Declaring bankruptcy consists of going to a federal bankruptcy court and asking it to relieve you of some or all of your debt burdens. The process is a two-sided coin. On one side of the coin is the potential to be relieved of some debts, which could help you get a fresh start and help stop calls from debt collectors. On the other side of the coin is the potential negative impact that bankruptcy may have on your ability to borrow money over the next few years. The filing may also be on your credit record for years afterward, depending on the category of your bankruptcy filing.
Here's a high-level overview of how filing for bankruptcy works and the potential impact it could have on your finances.
How Does Filing for Bankruptcy Work?
There are two primary types of personal bankruptcy. Here is some information on how they work:
Chapter 7: This is the most common type of bankruptcy. If the court accepts your petition, you will likely be relieved of most or all of your debts (note the exceptions mentioned below). A "means test," which varies by state and includes a review of your finances, determines your eligibility for a Chapter 7 filing. However, the result is generally the forced liquidation and sale of a lot of your assets, and the record of the bankruptcy can stay on your credit for up to 10 years.
Chapter 13: This type of bankruptcy is often used by people who have incomes that are too high for eligibility for Chapter 7 relief, and who agree to only a partial debt write-off. They will likely have to continue to chip away at some of their debts. A chapter 13 bankruptcy can remain on your credit report for seven years.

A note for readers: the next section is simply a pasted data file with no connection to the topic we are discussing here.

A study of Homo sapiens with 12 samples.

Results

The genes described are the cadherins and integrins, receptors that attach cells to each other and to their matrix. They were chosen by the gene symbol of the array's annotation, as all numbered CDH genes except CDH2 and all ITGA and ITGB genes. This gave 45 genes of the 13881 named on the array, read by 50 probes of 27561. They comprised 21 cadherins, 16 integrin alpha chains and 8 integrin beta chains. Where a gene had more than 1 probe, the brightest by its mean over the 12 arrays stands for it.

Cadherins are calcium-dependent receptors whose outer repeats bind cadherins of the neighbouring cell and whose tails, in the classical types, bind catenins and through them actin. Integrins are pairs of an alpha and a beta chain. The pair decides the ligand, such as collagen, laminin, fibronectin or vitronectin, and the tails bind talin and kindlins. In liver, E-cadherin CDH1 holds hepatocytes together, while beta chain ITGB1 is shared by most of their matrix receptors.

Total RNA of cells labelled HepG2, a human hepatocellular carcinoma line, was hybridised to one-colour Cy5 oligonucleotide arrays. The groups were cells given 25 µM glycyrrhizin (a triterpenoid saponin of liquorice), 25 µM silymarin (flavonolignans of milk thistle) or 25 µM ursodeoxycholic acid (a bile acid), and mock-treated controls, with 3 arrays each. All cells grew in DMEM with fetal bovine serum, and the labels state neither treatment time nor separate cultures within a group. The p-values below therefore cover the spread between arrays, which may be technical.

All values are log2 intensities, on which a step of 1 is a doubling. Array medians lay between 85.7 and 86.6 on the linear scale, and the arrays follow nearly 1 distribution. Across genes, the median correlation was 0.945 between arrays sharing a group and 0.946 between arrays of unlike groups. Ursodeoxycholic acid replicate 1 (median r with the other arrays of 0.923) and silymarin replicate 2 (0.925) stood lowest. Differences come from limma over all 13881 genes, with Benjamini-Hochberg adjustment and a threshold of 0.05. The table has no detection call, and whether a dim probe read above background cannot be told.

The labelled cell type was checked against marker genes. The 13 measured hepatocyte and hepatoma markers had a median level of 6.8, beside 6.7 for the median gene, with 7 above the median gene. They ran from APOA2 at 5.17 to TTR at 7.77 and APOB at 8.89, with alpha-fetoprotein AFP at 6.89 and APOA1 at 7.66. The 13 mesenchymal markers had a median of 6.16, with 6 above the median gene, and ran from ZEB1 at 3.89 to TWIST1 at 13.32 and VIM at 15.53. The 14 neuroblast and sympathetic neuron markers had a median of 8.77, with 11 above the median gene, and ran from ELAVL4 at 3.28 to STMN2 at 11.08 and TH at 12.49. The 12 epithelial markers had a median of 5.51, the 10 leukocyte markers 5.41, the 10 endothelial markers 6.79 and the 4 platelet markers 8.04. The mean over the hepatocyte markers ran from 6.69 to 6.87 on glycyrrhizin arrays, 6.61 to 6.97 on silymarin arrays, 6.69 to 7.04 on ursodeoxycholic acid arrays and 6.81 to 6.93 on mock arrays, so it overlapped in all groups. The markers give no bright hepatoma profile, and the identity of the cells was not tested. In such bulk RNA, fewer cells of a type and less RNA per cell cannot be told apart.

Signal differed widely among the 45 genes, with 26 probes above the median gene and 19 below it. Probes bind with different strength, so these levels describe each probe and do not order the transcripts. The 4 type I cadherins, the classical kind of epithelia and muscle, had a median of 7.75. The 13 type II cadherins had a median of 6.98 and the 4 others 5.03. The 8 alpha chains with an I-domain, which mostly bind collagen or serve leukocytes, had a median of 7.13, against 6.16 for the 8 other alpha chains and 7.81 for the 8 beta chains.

Possible Exceptions to Bankruptcy Relief
Not all debts can be erased by a bankruptcy filing. For example, bankruptcy generally won't eliminate child support and alimony obligations, student debt, taxes and some debts you assumed in the six months before your bankruptcy filling. Also, filing for bankruptcy won't necessarily get anyone who co-signed a loan for you off the hook. That person may still be obligated to pay that debt.
You generally don't have to have a lawyer to represent you in a bankruptcy proceeding. However, it might be a good idea to have one, particularly if your debts are substantial. A judge is not allowed to give you advice, so an attorney may be able to help guide you.
How Can Bankruptcy Impact Your Finances?
If you're deciding whether to file for bankruptcy, you may want to consider how it could impact your finances and what might remain of your assets after declaring bankruptcy. Bankruptcy cases are handled by federal courts, but state law can play a role in determining what you can shield from creditors (known as "exempt property") in a bankruptcy filing. You may be able to keep pensions, retirement savings, a vehicle you use to get to work and tools you use for work.
Whether you can keep your home might depend upon how much equity you have in it. The greater the equity, the more likely you might have to raise cash to pay off creditors (including your mortgage company). If you have a rainy day or emergency fund, those funds will likely need to be used to pay down debts.
For most people, bankruptcy is a last resort after exhausting possible alternatives, such as negotiating a settlement directly with individual creditors or obtaining a debt consolidation loan. As you look into your options and determine the best next step for your unique financial situation, consider keeping this information on the potential impact of bankruptcy in mind.